Otto von Bismarck (1815-1898) claimed that "one-third of all the students in German universities break down from overwork, one-third break down from dissipation, but the other third rule Germany."
To avoid student "break downs" let me suggest a simple strategy: work first, then play!
As Bismarck noted, a single-minded focus on work cannot be kept up for long without producing bad results. "All work and no play makes Jack a dull boy."
The Bible, too, warns of overdoing it on work: "And on the seventh day God finished his work ... and he rested on the seventh day ..." (Genesis 2:2)
But the other extreme, spending full time on play (or "dissipation"), can also be disastrous. I speak as an authority after what I saw during 36 years of college teaching!
Students should plan to spend time both working and playing. But in what order should they do these things every day? The answer, as I already indicated, is obvious: first get the work done, and then play.
Play is more fun. Working first gives strong incentive to get it done as quickly as possible, hopefully without shortcuts reducing work quality. Striving for efficiency is itself educational, and the ability to work efficiently will remain a valuable asset throughout the student's life.
The sooner the work is done, the sooner (and longer) one can play. The motivation provided by being able to play sooner certainly has done wonders for me. In 1963 I spent summer vacation from the Ph.D. program at Johns Hopkins at my parents' place in Honolulu. They were both working, so I had their condo to myself all day to write the first draft of my dissertation. I found myself working all day and getting almost nowhere, a miserable page or two.
Then I remembered a story about the fellow who wrote "The Three Musketeers." Alexandre Dumas supposedly set himself a daily quota and would not quit until he had written the required number of pages. The day he finished "The Three Musketeers" he started writing its sequel since he hadn't met his daily quota yet!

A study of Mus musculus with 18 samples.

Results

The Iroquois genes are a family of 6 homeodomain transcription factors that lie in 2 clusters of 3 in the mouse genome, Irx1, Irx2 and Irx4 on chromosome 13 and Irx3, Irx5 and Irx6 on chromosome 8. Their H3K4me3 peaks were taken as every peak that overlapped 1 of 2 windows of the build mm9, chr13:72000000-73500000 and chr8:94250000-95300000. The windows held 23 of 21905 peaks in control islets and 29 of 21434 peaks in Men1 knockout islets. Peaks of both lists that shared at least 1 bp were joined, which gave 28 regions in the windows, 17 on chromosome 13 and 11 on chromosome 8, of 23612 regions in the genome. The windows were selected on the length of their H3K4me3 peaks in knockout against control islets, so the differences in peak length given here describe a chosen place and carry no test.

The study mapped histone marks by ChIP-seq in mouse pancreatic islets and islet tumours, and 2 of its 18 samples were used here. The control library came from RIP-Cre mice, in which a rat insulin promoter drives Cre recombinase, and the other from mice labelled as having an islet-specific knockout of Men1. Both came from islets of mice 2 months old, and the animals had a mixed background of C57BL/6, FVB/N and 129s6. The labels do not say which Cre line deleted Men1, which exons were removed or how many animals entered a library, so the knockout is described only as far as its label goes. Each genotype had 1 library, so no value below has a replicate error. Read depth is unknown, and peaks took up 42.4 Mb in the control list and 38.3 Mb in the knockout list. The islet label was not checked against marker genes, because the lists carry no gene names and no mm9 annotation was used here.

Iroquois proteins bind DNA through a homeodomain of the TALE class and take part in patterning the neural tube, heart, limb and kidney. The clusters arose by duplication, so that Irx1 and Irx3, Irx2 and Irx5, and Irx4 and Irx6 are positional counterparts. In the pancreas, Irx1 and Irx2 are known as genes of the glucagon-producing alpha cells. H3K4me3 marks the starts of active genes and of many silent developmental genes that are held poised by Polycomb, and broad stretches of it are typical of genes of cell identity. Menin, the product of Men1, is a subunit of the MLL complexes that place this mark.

I set myself a quota of five handwritten pages and resolved not to go to the beach or have lunch until I got the five pages. After five pages I could quit for the day, no matter how many hours remained in the day. Waikiki Beach was a 10-minute walk. After that, I got five pages every day before noon.
Playing first, and then working, would make no sense. The ability to start working sooner is no incentive at all to get the play over efficiently. In fact, the whole idea of playing efficiently is absurd.
Students who play first are likely to underestimate the time required for the day's work. They will probably end up not getting it all done.
To work first then play, the student must make a realistic estimate of what needs doing each day. This is easy, for things that can be completed in one day, but requires refinement for larger projects like writing a dissertation or major paper.
The size of projects often has important implications for how to approach them. Bicyclists, for example, need radically different strategies for climbing small hills and for pedaling up a really big hill. For small hills, one can barge full-steam ahead, getting to the top as fast as possible. But a really big hill requires cyclists to gear down and climb slowly enough not to overload their physical capacity. I never discovered this difference while living in relatively flat Michigan, but quickly figured it out the first time I bicycled through the Oregon mountains.
Students should divide big projects into a large number of small projects each of which can be completed in one day. Otherwise, they risk getting so worn out that further progress becomes impossible.
To avoid getting worn out, students should also try to take off a whole day from time to time. If they try to keep going day after day their efficiency will decline. As an undergraduate I found that I could get as much or more done in six days a week than I could in seven. After a day off, my efficiency improved enough to compensate during the following week for the day of vacation.
But students shouldn't push this logic too far! A second day off probably won't improve efficiency enough to pay off.
Moderation, I say!
Paul F. deLespinasse is Professor Emeritus of Political Science and Computer Science at Adrian College. He received his Ph.D. from Johns Hopkins University in 1966 and has been a National Merit Scholar, an NDEA Fellow, a Woodrow Wilson Fellow and a Fellow in Law and Political Science at the Harvard Law School. His college textbook, "Thinking About Politics: American Government in Associational Perspective," was published in 1981 and his most recent book is "Beyond Capitalism: A Classless Society With (Mostly) Free Markets." His columns have appeared in newspapers in Michigan, Oregon and a number of other states. Read Prof. Paul F. deLespinasse's Reports — More Here.